It was one such seminar that I attended this past week in the city, the theme of which was “Napa Valley Wines Past and Present.” The tasting featured five Napa Valley wineries (in alphabetical order below) and was moderated by Ray Isle, Executive Wine Editor for Food & Wine magazine:
- Girard Winery, represented by Marco DiGuilio, Senior Winemaker for parent company Windsor Family Vineyards
- Lang & Reed Wine Company, represented by John Skupny, Owner & Winemaker
- Quintessa, represented by Larry Stone, Master Sommelier
- Steltzner Vineyards, represented by Allison Steltzner, Owner
- White Rock Vineyards, represented by Christopher Vandendriessche, Owner & Winemaker
It’s a general rule that I love everything the Napa Valley Vintners produce. I don’t know how they do it but they are a high quality, high caliber organization that settles for nothing less than the best. And, there were some pretty good wines on the table when moderator Ray Isle started off by asking, “How well do Napa Valley wines age, and, why do we care?” And so, I was pretty excited about this tasting.
It was definitely a fun afternoon. The group of winemakers, like most I know in Napa, got along really well (they practically grew up together) and kept the discussion lively and informative. But, I’m sad to say, I was a little disappointed at the end of it all. Maybe I’ve got more experience with Napa wines than most, or maybe I had set my expectations too high going in, but it felt like the questions posed at the beginning of the day weren’t really answered. And so, I’ll tackle them here.
How well do Napa Valley wine age?
In talking about this event to my brother later in the week, I began complaining and I had to stop myself. I was describing the event and grumbling something about how more of the wines weren’t older, like the White Rock. I guess I was hoping for more wine from the ’90s, or even earlier, but I had to remind myself, 2005 was ten years ago. And a lot of wine is consumed within the first few years of being released, so even to have something from 2008 was pretty unique. Even I have trouble holding on to wine that long. Try as I might, it’s hard to be that patient. Someone needs to invent a calendar sensitive lock that you can set and then it won’t open until that date. So it’s not like I’m drinking eight or ten year old wine on a regular basis. I can tell you this, though: I wish I were. All of the older wines were drinking beautifully. Across the board, I preferred the older vintages to the younger wines and my favorite wine of the day was the 2005 Steltzner. All of them had rounded out nicely and developed some really great flavors that weren’t in the younger wines. Even the 1991 still had life. So in brief, Napa Valley wines age very well.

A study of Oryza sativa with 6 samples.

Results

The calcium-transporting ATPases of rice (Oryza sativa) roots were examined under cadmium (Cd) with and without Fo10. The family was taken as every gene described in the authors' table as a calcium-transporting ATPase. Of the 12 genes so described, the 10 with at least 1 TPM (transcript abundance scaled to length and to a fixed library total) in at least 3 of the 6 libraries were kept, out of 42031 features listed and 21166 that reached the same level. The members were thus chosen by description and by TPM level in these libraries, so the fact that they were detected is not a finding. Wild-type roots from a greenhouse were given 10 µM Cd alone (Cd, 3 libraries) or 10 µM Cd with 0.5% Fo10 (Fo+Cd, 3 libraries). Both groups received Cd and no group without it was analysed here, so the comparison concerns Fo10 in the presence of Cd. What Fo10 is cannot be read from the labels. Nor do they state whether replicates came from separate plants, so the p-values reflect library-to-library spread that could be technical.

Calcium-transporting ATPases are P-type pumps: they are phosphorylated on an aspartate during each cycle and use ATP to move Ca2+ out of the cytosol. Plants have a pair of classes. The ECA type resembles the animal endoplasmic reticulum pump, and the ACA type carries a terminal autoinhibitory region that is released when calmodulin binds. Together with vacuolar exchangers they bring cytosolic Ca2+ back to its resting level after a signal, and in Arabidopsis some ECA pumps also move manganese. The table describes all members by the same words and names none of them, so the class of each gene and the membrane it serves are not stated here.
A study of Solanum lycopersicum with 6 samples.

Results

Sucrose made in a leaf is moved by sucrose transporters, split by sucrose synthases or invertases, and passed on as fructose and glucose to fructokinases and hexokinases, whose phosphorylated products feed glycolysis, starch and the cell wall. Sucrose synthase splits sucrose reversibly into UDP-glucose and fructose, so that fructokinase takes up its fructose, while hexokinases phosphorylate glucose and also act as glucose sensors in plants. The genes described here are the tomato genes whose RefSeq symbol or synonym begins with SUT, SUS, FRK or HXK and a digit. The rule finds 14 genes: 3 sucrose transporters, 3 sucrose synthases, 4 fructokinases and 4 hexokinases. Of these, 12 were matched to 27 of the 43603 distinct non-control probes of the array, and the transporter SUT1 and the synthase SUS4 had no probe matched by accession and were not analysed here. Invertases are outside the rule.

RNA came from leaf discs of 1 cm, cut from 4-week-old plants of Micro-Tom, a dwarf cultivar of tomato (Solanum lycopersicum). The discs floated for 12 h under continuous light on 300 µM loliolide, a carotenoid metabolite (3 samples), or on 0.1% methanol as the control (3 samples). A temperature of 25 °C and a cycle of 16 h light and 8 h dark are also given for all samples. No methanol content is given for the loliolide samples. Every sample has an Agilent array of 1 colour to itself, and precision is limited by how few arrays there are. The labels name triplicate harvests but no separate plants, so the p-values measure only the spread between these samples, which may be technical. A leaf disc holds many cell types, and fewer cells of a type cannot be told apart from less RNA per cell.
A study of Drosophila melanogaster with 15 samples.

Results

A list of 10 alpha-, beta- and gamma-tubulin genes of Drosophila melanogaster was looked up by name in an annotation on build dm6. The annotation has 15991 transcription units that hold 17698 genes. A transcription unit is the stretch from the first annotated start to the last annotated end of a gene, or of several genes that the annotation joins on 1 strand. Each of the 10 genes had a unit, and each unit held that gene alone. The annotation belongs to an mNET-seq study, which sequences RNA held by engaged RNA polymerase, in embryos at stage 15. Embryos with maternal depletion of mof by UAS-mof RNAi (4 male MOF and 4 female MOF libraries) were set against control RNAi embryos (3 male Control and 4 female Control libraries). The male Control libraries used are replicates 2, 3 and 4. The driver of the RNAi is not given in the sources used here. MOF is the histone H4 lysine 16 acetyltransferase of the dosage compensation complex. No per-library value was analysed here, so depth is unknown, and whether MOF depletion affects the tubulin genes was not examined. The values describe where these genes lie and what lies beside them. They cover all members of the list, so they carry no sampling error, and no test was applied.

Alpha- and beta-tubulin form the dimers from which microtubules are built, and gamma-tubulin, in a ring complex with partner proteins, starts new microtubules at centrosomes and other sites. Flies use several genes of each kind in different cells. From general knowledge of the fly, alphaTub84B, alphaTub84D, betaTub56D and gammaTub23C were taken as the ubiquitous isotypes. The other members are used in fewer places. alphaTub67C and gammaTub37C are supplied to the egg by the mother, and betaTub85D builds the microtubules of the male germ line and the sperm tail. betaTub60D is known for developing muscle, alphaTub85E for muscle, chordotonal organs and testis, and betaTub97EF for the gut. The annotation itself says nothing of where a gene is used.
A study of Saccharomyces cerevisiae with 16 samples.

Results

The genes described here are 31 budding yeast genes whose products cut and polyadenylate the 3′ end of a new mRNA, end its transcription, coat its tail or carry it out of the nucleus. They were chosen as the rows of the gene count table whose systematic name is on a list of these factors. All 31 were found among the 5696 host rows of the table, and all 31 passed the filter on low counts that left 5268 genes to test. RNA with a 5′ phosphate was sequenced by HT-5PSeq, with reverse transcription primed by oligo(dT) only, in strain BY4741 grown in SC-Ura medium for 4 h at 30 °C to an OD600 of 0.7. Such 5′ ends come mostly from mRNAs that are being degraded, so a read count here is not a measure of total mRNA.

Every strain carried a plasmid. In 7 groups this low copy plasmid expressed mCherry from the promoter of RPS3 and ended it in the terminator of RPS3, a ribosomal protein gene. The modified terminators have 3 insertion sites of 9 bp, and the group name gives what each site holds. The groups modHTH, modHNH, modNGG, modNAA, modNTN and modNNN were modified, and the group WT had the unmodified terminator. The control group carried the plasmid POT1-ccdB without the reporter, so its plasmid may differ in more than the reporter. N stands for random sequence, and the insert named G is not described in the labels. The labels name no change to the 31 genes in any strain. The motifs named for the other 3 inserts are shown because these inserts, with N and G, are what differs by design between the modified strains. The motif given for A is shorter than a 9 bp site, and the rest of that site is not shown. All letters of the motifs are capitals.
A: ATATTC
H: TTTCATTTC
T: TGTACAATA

Why do we care?
This to me is the better question. I remember learning a couple years ago--so this number may have changed, and I’ll have to find some more specifics on this stat--that the average time from shelf to glass for a bottle of wine was three hours. Three hours! That means that the majority of people buying wine are stopping at a store on their way home and drinking it that night. And why not? The vast majority of wine that is produced is made to be consumed within two to three years of production. But there are many great wines that develop beautifully over time into something entirely different. It’s not fair to generalize that “wine gets better with age”, as that is a matter of opinion and each wine is different, but they certainly change. In the myriad of factors that go into making a wine what it is, aging is definitely up there. Everyone should appreciate an old wine at least once in their life. For me, aged wine is something unique and beautiful. I love the taste of a twenty or thirty year old Barolo--when I have the rare opportunity to taste one--but I can safely say it’s not for everyone. And fifteen or twenty year old Napa Cabernets can be almost ethereal.
And so, I’ll say it again: don’t be afraid to try... an aged wine. Though I probably don’t have to tell you that since most people jump at the opportunity to taste an aged wine. Maybe more importantly, be patient so that you actually can drink an aged wine.